Wireworms – We’re Just Seeing the Tip of the Iceberg


Damage to field crops by wireworms is poised to escalate across the Prairies. Neil Whatley, crop specialist at Alberta Agriculture and Forestry, explains how producers can be proactive about finding solutions in their areas by submitting samples to Canada’s wireworm research team.

“Lindane insecticide, such as Vitavax Dual, etc., kept wireworm numbers low for several decades on the Prairies,” says Whatley. “Since the ban of this organochlorine pesticide in 2004, wireworm damage in field crops is rebounding. Some researchers say we’re just seeing the tip of the iceberg.”

“Varying from region to region, around 30 different pest wireworm species exhibit diverse behaviours and lifecycles, making a single control measure improbable,” explains Whatley. “An individual region may contain more than one wireworm species.”

Depending on the species, the worm-like larvae can feed on plant roots and germinating seeds for up to 3 to 5 years before developing into the adult click beetle stage. Adds Whatley, “While current seed treatments may repel wireworms for a growing season, their populations continue to increase, and these treatment measures begin to fail.”

Due to their preference to eat annual or perennial grasses, wireworm populations can build up in fields that have extended periods of cereal crops or pasture. Pulses, oilseeds, potatoes and sugar beets are susceptible to wireworm damage when grown in rotation with cereals. Crops grown in recently broken sod are especially vulnerable. Non-farmed areas like grassy ditches and undisturbed field borders also harbour wireworms and click beetles.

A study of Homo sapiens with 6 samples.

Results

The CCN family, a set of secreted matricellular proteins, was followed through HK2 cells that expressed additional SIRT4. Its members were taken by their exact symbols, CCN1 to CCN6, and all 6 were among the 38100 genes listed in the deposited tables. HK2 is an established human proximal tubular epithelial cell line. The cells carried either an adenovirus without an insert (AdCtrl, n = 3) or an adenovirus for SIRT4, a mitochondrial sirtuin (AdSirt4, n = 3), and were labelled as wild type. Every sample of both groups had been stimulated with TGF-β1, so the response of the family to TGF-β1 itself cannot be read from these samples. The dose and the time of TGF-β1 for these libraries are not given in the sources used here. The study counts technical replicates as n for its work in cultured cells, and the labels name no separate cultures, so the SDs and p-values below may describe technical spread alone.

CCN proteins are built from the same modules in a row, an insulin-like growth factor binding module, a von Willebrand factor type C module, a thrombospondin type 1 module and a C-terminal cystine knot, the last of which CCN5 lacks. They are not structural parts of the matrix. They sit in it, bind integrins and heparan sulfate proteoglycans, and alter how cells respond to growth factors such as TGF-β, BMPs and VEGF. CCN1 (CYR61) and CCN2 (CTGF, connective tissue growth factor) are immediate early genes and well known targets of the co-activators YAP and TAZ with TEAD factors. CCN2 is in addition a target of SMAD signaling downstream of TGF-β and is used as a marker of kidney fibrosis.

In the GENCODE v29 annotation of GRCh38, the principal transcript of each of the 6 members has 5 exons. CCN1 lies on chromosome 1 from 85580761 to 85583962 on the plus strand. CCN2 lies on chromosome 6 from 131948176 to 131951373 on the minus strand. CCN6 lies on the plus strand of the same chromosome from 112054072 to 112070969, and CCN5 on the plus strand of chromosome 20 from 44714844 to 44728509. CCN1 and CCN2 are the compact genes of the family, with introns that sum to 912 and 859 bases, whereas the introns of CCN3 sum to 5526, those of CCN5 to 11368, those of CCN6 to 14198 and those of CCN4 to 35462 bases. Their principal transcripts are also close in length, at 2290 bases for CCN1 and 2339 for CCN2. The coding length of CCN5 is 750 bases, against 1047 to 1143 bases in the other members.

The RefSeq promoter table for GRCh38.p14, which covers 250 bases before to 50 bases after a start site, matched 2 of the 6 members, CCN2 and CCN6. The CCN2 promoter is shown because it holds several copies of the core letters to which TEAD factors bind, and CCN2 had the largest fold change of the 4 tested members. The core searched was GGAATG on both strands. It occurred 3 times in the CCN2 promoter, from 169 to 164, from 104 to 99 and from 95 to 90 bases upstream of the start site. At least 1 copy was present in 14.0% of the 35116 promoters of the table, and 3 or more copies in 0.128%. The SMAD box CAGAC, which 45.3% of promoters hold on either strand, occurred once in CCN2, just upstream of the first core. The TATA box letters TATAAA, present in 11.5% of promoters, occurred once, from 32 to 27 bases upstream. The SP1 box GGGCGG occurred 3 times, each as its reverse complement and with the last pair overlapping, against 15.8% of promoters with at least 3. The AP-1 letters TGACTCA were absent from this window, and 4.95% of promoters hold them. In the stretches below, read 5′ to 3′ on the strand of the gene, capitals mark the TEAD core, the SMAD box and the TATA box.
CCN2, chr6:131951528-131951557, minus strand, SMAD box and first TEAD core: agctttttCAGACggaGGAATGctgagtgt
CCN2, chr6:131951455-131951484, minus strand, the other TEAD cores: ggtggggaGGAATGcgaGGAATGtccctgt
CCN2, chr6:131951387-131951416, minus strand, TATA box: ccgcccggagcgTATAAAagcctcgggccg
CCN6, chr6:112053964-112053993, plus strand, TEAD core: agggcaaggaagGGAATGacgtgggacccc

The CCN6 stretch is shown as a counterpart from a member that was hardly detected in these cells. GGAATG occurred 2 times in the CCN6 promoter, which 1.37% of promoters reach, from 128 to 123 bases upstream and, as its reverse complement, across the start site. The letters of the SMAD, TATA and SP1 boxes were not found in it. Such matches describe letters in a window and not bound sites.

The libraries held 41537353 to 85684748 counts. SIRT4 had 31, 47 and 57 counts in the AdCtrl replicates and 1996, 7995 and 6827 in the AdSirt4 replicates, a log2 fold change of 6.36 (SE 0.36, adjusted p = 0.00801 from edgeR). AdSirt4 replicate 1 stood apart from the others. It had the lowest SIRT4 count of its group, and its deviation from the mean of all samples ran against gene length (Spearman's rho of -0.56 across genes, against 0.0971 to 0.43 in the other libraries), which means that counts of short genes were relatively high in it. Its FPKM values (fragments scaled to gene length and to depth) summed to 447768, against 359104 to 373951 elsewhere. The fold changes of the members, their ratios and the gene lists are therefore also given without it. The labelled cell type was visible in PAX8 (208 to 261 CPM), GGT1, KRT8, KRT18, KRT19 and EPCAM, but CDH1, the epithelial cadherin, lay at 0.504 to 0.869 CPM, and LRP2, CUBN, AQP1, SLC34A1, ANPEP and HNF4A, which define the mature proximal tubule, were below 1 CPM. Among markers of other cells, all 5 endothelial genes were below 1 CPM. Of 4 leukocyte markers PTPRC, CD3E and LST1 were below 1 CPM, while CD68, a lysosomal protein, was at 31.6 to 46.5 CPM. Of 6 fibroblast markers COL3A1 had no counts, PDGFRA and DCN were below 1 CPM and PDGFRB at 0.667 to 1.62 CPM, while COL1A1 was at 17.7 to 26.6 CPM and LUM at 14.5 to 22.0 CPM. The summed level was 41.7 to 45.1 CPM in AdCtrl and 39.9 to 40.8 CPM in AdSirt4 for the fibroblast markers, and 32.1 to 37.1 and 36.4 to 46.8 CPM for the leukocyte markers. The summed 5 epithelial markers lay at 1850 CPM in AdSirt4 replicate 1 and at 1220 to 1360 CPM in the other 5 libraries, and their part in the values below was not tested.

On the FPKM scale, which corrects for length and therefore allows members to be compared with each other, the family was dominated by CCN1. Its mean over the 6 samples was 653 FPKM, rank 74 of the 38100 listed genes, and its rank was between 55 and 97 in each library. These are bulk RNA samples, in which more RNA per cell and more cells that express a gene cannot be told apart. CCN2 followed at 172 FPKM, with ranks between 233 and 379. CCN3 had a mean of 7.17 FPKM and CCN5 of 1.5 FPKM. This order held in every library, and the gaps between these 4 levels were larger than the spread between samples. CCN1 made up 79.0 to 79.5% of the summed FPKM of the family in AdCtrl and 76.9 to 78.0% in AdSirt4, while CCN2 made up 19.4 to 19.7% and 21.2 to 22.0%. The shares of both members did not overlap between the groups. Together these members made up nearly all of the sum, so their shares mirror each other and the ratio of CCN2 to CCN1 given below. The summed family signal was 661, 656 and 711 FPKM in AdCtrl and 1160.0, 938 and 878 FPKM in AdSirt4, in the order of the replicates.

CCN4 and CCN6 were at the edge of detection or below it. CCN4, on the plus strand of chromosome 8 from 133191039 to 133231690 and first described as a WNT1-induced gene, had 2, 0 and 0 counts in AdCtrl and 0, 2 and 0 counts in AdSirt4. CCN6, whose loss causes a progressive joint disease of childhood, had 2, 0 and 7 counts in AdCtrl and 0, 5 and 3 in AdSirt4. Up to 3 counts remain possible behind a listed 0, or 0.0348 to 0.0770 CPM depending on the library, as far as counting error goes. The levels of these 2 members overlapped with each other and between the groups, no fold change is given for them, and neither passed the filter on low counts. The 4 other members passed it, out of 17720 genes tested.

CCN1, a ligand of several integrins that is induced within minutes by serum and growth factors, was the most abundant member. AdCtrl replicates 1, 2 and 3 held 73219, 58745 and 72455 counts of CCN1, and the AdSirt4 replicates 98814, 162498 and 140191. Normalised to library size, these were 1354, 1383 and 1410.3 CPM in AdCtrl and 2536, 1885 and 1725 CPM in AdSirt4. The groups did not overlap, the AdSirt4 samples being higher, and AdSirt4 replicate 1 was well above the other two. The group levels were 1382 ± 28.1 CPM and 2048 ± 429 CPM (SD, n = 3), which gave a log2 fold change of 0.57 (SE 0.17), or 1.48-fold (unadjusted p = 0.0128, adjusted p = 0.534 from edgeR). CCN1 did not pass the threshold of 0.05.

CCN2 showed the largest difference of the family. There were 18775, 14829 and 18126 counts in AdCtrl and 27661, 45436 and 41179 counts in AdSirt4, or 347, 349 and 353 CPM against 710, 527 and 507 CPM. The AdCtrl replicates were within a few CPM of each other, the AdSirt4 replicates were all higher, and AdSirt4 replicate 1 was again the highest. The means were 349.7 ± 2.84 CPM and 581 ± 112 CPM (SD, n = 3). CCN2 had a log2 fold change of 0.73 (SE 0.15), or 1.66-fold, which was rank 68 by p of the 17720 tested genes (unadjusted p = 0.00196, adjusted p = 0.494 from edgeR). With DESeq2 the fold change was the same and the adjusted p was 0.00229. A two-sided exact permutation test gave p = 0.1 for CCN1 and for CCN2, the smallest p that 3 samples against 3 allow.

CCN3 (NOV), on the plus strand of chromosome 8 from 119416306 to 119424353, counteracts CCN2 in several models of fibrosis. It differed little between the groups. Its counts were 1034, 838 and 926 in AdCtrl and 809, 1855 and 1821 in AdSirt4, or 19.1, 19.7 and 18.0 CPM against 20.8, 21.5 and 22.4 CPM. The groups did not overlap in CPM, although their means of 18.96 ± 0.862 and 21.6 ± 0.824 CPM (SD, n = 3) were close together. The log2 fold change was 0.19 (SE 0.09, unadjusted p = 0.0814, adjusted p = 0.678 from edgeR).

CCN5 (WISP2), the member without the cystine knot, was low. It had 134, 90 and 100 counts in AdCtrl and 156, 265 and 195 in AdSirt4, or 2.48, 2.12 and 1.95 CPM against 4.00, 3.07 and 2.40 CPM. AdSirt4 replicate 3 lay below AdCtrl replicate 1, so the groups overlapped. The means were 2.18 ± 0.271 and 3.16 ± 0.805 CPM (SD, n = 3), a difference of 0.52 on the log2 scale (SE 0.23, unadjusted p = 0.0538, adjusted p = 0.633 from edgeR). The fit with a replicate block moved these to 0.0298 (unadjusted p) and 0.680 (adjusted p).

Agriculture and Agri-Food Canada’s (AAFC) wireworm research team is identifying wireworm species and researching new control measures. “The research team needs to know which specific wireworm species dominates in your farming region so the correct control option(s) can be applied as the problem worsens,” explains Whatley.

Dr. Haley Catton, cereal crop entomologist with AAFC, is the prairies representative on the team and based at the Lethbridge Research and Development Centre. The team is asking for producers to submit wireworm samples from their fields.

“Due to a greater amount of soil moisture, wireworms migrate near to the soil surface in early spring when soil temperatures rise above 5 C, making spring the best time to bait and capture wireworms,” adds Whatley. “Baiting can be as simple as burying a cup of a cereal-based product like flour, bran or wheat seeds to a depth of four to six inches, or 10 to 15 cm, into the soil at marked locations.”

Dig up the baits 10 to 14 days later, collecting the wireworms and some of the not too wet field soil. Insert the sample into a hard plastic container for shipping. There may be more than one species present, so collect as many wireworms as possible.

Mail your wireworm sample to:

Dr. Haley Catton
Agriculture and Agri-Food Canada
Lethbridge Research and Development Centre
5403 – 1 Ave S
Lethbridge, AB T1J 4B1

Include a brief description of when and where the sample was collected (nearest town or address), information about the crop rotation in the sampled field over the past 4 years, name and telephone number. Once the species are identified, producers will be contacted with the results.

For more information about submitting wireworm samples, contact Haley Catton at 403-317-3404.